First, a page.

Most evenings, while other train-riding commuters chat into their mobile phones, listen to their iPods or read, I struggle over the newspaper's daily Sudoku puzzle.

Admittedly, I'm embarrassingly late to this party. I spent a few years resenting Sudoku's encroachment on the crossword's page and assuming that Sudoku was solely the province of number people (physicists, actuaries and the like). Then, pride kept me from attempting a puzzle until I found a place where no one I knew could watch me gnaw the plastic off a pen in frustration (business travel, Southwest Airlines magazine, empty adjacent seat).

Now I'm hooked, but by no means an expert. In fact, it feels as though each puzzle burns a whole new set of pathways across my brain. It requires, in other words, thinking differently than I do the rest of my waking hours.

Health care these days requires thinking differently. While hospital governance always has been challenging work, the financial, legislative and regulatory developments over the past year or so have made it exponentially more complex. These new challenges can't be tackled with the same old solutions.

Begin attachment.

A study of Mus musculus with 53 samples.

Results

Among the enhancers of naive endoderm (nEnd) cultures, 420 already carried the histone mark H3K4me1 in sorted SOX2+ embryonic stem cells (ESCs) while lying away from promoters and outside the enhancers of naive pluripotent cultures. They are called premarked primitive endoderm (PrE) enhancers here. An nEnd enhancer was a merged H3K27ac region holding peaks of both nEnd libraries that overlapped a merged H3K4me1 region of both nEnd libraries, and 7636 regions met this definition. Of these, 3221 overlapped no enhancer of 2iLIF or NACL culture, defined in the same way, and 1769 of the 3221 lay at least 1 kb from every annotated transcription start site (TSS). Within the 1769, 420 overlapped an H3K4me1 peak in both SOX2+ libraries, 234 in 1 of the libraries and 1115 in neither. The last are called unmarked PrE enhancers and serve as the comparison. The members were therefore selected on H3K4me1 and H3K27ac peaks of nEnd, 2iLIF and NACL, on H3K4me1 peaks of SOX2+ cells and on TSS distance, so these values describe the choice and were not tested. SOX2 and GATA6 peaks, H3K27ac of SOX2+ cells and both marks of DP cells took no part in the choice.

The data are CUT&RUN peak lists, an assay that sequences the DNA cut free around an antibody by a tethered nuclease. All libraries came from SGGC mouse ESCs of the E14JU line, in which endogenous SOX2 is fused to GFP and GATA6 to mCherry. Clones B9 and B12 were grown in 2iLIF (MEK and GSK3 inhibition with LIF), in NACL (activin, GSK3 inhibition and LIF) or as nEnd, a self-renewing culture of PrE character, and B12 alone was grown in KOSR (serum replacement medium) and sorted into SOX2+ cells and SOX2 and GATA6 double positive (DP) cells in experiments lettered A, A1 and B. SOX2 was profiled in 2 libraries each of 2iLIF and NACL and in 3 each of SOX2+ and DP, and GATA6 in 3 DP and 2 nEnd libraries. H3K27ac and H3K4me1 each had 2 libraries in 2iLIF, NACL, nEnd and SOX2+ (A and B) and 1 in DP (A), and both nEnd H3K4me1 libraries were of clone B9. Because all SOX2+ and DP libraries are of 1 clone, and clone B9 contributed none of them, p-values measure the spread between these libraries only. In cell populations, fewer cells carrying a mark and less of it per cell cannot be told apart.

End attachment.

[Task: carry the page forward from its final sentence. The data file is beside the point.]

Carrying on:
All the issues we cover this month require creative thought in the boardroom. However, we hope to jump start your imagination by offering a look at several organizations' innovative efforts: mitigating the physician shortage with mid-level providers, developing partnerships inside and out of the hospital to reduce readmissions, and improving the efficacy of rapid-response teams.

I'm convinced that great ideas need fertile soil from which to sprout, and Sudoku is one way I cultivate my gray matter. Tap-dancing classes and violin lessons also can serve this purpose, but neither is as portable nor subtle.